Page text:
I’m not an attorney, but I have discussed this with attorneys and
friends in the trade that have faced it, from both sides of the
As I understand it, and as I’ve seen it play out, the spirit of the
law is that an employer cannot interfere with the ability of a former
employee to provide for their own livelihood beyond the extent to
which they are allowed to protect their own. That’s where a courtroom
If you have serious questions as to the applicability,
enforceability and/or legality of a no-compete clause, you should
check with an attorney licensed in your town.
On the other hand… Beware of attorneys padding their bills. It
would not be completely unheard of for an attorney to recommend a
contract that he knows is completely unenforceable, just to create a
charge of $300 a page. I’m just sayin’.
My anecdotal experience is that the max the courts will consider
reasonable from the employer’s standpoint for a no-compete clause is
three to five miles (the same and adjacent zip codes), for one, maybe
two years if the employee is opening their own business, maybe even
less if they are just going to work for a competing employer. If it
is only for a year, the case probably wouldn’t even get to court
before the time expires. Another consideration, an employer trying to
prevent a former employee from getting a job (or creating jobs in the
case of starting a business) in these days of high unemployment may
not be looked upon favorably by a court, or the neighborhood in
general. At any rate, a no-compete contract case can be tough for an
employer to win, unless there is employee theft involved as well.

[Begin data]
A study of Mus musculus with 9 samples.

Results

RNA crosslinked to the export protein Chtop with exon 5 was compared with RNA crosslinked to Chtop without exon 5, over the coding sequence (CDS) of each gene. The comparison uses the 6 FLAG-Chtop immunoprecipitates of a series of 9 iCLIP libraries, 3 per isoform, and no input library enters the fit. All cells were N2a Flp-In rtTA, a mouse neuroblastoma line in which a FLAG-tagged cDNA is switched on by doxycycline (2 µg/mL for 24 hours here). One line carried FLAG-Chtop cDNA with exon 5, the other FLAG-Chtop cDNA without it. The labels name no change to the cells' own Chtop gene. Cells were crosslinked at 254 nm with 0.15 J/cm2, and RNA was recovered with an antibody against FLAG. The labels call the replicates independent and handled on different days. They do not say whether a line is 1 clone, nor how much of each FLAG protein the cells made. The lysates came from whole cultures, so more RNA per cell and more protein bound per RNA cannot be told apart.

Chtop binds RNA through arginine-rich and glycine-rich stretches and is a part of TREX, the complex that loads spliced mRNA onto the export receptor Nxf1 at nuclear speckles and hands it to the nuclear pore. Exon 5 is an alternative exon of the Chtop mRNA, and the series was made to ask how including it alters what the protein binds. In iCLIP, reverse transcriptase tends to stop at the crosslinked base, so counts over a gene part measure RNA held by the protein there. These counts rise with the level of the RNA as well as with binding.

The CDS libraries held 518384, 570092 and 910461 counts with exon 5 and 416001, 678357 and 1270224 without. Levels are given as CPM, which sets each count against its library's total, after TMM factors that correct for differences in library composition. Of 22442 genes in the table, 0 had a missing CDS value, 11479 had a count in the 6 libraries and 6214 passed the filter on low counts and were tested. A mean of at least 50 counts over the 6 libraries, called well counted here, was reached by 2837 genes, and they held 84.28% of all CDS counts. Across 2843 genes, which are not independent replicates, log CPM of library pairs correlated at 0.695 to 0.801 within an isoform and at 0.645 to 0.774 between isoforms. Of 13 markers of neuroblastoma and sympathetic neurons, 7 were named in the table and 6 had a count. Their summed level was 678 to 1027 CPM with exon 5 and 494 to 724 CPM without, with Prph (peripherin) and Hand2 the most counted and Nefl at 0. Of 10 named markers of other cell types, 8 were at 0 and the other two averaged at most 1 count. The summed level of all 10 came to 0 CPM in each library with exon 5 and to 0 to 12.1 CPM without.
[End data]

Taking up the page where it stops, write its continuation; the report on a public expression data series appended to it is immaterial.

A former employee initiating direct contact with the former
employer’s customers by taking and using a full or partial customer
list (even a memorized phone number), taking molds or waxes, a price
list or design secrets isn’t just a violation of a no-compete clause,
it can be argued by a competent attorney that it violates laws
applying to employee theft. An employer doesn’t need a no-compete
clause, or any other type of contract to pursue legal remedy for a
case involving employee theft of physical or intellectual property,
they just have to prove it. In such a case, the side that has the
best records and best proof of their claim can usually prevail. One
might think that a no-compete clause might help clear the legal
muddy water or help to bolster a case like this, so even though on
it’s face, such a clause may be unenforceable, it might not be a bad
thing to have, if you think you may have problems later.
So, just like any other legal aspect of doing business, keep good
records and consult an attorney if you have serious questions, from
either side of the contract.
Personally, as an employer, I would never ask a prospective employee
to sign such a thing. We entrust our employees day in and day out
with pretty much all of our life savings and everything we have
worked for to get to the point we can become employers. Making a new
employee sign a contract like that right off the bat could easily set
up an atmosphere of mistrust, negativity and even paranoia, and might
very easily keep the very best people from joining the team, imho.
As a prospective employee, I wouldn’t sign one either. Too much
handwriting on the wall. They’re telegraphing how they view their
employees and may even be giving a little glimpse of how they treat
former employees, however they might get to that point. I’d just go
to the shop across the street. Or open my own place. Maybe even
across the street if there isn’t one there yet. The competition for
good help and trusting clientele shouldn’t be too tough.